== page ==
The Linux Foundation announced its Open Platform for NFV Project (OPNFV), backed by a host of big-name operators and suppliers, which promises a carrier-grade and open source platform (based on Linux) to accelerate the introduction of new products and services.
Among the founding platinum members are AT&T, China Mobile, Ericsson, Huawei, NEC, Nokia Networks, NTT Docomo, Telecom Italia and Vodafone Group.
“Open source code has been proven to accelerate innovation and time to market for new technologies,” said Jim Zemlin, executive director at Linux Foundation.
“The Open Platform for NFV will bring together providers, cloud and infrastructure vendors, developers and users alike to define a new type of reference platform for the industry, integrating existing open source building blocks with new components and testing that accelerates development and deployment of NFV,” he continued.
Network functions, through NFV, are implemented on virtual machines rather than being tied to specific hardware. And by shifting from proprietary infrastructure to open platforms, operators should be able to avoid customer lock-ins as well as be more agile in service delivery.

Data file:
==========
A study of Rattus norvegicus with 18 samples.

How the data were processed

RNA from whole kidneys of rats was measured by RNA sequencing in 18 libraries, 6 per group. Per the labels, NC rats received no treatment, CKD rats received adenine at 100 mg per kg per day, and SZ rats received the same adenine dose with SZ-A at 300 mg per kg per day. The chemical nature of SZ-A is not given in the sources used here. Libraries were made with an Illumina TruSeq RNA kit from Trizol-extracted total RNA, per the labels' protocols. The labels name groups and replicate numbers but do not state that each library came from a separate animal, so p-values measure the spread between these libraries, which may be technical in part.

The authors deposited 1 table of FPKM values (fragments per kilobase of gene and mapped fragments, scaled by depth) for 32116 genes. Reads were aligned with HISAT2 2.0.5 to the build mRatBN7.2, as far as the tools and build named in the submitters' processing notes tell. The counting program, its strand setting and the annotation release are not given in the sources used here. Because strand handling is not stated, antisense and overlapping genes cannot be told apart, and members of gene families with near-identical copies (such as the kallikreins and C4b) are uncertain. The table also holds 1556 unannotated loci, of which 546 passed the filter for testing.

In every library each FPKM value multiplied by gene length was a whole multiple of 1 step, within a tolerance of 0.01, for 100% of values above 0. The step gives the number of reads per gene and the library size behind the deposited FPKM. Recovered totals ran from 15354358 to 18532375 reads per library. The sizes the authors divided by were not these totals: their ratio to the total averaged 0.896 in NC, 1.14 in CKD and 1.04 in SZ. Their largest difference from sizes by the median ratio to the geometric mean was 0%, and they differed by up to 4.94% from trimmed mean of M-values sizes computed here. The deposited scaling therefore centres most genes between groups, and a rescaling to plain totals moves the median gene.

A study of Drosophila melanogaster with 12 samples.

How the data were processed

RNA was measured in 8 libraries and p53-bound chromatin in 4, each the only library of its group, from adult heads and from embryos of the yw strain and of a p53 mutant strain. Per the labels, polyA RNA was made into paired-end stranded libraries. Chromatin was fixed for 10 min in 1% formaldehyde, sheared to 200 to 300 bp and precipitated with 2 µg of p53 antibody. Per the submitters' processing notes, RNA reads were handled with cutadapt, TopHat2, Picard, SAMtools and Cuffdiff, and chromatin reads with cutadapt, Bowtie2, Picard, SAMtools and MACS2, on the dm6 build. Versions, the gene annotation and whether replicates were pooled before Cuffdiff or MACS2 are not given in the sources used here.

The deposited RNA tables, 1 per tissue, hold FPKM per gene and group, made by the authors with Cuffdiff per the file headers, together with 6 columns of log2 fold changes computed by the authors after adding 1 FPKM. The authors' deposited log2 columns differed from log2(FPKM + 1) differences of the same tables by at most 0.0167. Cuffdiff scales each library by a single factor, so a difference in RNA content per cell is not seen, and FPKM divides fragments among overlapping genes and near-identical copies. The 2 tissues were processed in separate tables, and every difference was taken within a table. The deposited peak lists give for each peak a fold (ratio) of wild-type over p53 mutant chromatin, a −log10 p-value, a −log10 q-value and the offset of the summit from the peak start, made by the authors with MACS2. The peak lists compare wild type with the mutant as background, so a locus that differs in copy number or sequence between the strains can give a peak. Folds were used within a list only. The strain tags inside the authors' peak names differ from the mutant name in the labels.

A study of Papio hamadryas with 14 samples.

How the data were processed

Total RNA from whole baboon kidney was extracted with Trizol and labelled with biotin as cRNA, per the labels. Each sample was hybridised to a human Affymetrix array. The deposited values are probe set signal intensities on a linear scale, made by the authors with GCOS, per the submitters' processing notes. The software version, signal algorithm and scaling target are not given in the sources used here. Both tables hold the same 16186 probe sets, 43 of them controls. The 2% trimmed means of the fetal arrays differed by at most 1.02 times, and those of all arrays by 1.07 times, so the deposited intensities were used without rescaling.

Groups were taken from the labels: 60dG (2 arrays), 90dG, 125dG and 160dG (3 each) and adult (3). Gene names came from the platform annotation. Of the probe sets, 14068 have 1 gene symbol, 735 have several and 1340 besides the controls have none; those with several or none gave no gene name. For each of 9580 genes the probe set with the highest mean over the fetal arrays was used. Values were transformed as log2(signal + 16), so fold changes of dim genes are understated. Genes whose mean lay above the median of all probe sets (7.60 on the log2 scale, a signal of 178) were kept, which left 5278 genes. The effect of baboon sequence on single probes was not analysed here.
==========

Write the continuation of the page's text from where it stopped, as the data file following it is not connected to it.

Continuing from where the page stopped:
The initial scope of OPNFV will be on building NFV infrastructure (NFVI) and Virtualised Infrastructure Management (VIM). Although OPNFV won’t develop standards, it will work closely with ETSI’s NFV ISG, which has been influential in driving consistent approaches to NFV.
A notable absence from the OPNFV roster is Telefonica. At this year’s Mobile World Congress, the Spanish giant set a target to have 30 per cent of the group’s new infrastructure virtualised by 2016.
Enrique Blanco , Telefonica’s global CTO at the time, told Mobile World Live that shifting from proprietary infrastructure to platforms based on open standards – and so avoiding vendor lock-ins – was one of the main drivers for its large-scale push on virtualisation. “We want this to be a multi-vendor environment from day one,” he said. “We want to source different functions from different suppliers.”